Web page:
My client has applied for a blanket LCA for 12 H1B applicants. Now he wants me to file the actual petitions. Can I take over the petitions? Since I have a blanket LCA for 12 H1Bs, am I correct in assuming that I do not need to file individual LCAs for the 12 Applicants?

Answer (by Angelo Paparelli):

With the foregoing caveat in mind, I offer the following thoughts. The regulations of the INS allow the use of a blanket LCA (an LCA for multiple beneficiaries) as long as each petition refers by file number (INS receipt number) "to all previously approved petitions for the labor condition application". Thus, you need to alert the INS to any previously utilized slots on the LCA by reference to the file number(s). If the slots all remain unfilled, you should so state. But bear in mind that you should nonetheless alert the INS of all of the intended named aliens (assuming you are filing them all concurrently), so that the INS can be assured that you are not seeking more H-1B approvals than are accounted for on the blanket LCA.

You might also consider confirming that the public access folder(s) for the blanket LCA are in proper order and that the employer has confirmed that it has complied fully with the LCA requirements and attestations on the LCA. I did an article for Interpreter Releases called "Skeletons in the Closet: LCA Audits in the Age of H-1B Uncertainty, Parts I and II," published in Interpreter Releases, June, 1996, that might help determine how to audit LCA compliance.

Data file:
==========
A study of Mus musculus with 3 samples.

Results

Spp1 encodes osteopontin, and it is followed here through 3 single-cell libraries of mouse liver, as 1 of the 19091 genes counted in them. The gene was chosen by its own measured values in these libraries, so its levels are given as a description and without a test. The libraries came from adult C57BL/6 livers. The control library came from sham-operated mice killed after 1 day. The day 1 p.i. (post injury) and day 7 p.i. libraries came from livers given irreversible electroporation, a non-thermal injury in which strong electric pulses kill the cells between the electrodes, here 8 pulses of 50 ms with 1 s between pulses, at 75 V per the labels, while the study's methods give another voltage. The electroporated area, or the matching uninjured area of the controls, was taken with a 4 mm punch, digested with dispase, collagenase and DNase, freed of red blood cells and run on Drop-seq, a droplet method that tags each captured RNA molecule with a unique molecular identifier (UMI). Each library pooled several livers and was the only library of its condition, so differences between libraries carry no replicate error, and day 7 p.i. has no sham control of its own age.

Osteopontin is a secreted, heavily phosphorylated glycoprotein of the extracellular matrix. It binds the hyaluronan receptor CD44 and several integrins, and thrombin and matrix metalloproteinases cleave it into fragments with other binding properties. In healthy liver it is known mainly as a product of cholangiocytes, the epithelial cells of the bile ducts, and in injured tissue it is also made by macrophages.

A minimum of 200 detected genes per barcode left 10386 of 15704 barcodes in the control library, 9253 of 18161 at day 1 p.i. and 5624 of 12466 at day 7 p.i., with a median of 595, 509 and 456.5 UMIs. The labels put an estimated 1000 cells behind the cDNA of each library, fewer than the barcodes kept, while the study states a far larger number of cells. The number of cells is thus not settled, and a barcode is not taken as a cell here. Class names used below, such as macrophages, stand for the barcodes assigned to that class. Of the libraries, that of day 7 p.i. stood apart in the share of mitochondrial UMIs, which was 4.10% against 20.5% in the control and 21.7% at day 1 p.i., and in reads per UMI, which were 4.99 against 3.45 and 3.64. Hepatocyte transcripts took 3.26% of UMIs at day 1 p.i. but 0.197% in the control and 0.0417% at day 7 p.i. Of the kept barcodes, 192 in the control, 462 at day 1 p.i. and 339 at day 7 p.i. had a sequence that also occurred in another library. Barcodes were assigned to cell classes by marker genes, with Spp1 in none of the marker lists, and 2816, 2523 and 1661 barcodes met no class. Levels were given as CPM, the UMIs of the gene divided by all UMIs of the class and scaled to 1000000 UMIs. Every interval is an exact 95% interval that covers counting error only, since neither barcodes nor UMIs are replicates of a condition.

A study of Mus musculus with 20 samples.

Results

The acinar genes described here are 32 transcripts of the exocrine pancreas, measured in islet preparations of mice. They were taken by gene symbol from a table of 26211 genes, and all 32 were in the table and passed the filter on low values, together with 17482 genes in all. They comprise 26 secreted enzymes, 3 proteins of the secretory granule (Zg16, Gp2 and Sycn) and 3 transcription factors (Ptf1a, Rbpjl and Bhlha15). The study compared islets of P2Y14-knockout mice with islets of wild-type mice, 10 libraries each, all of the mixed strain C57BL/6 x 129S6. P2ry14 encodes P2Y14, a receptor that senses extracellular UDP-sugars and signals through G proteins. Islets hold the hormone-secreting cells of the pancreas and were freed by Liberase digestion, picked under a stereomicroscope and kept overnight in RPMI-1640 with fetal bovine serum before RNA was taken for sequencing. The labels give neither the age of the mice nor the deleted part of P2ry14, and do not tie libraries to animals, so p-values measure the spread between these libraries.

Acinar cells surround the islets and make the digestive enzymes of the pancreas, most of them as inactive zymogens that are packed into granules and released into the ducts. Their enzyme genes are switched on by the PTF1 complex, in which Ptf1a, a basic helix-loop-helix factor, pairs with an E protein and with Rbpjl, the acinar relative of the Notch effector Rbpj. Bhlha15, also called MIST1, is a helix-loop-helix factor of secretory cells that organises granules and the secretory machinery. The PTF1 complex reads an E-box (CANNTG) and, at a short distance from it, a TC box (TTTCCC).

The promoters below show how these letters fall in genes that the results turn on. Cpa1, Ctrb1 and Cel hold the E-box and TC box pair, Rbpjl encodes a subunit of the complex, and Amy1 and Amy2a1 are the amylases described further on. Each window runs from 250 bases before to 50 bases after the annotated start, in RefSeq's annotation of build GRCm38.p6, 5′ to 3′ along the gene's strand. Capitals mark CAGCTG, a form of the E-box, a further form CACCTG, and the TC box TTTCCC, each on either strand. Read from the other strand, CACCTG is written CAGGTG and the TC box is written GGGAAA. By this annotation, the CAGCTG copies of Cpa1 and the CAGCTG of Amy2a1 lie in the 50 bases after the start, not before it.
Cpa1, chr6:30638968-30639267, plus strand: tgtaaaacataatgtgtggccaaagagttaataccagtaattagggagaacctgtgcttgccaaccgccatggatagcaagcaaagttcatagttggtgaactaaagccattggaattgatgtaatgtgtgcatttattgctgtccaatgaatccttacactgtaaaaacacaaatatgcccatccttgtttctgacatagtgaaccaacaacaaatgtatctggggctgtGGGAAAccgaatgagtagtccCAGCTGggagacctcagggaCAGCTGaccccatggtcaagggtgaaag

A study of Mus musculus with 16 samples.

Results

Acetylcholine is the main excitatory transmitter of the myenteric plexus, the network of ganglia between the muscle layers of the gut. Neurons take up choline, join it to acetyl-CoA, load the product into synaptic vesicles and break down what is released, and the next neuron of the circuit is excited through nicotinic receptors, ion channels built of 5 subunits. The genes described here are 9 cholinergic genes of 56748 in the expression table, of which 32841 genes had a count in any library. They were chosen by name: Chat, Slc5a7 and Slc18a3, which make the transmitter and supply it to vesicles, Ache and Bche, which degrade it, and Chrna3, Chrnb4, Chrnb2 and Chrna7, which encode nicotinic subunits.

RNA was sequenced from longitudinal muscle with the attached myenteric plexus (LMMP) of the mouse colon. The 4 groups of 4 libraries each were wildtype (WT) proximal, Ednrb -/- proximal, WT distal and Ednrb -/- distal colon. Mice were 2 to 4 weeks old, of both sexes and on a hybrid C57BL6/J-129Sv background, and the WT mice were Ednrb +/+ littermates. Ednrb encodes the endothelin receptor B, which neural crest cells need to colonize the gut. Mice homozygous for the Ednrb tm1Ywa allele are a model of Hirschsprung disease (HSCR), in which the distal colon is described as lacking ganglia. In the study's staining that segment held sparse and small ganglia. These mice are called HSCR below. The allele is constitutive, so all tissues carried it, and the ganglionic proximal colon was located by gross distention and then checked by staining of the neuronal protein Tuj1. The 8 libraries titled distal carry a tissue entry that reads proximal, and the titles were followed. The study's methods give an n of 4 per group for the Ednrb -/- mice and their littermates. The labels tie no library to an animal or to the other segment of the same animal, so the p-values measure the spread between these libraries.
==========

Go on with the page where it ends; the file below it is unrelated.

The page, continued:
Lastly, you should determine whether the employer is H-1B dependent and whether any H-1B employees would be "exempt" (meaning that they are paid at least $60,000 per annum or possess a relevant masters degree). Recall that if an H-1B dependent employer mixes exempt and non-exempt H-1B workers on the same LCA, then the recruitment and nondisplacement attestations apply to all workers, including those who otherwise would be exempt. For more background on H-1B dependency and related obligations, see the attached link to a recent article I co-authored: http://www.entertheusa.com/publications/awakening_a_slumbering_giant.pdf

For a previous answer concerning H-1B terminations from an employer's perspective, see http://www.ilw.com/immigrationdaily/News/2001,0802-Answer.shtm

Paparelli & Partners LLP:
http://entertheusa.com/publications.htm

This Q & A exchange is part of a 3-part seminar series on H-1Bs at ILW.COM. A distinctive element of this series is the interactivity with the speakers. Apart from the Q & As during the phone seminar, participants can also pose questions such as the one above to the speakers by email.

For more information, or to sign up online, click here
For more information, or to sign up by mail/fax, click here

Disclaimer: The foregoing is general information provided to the public on a subject of great interest to U.S. employers and H-1B workers. It is intended merely as a general review of a complex and confusing subject for which there are very few clear and reliable answers. The information is not intended as legal advice and may not be relied on as such. By providing to the public the general information below, no attorney-client relationship is created. The legal outcome in a given case will completely depend on all of the relevant facts in a given case and thus will vary from case to case. For legal advice and representation, the readers are cautioned to consult a qualified attorney who practices immigration law.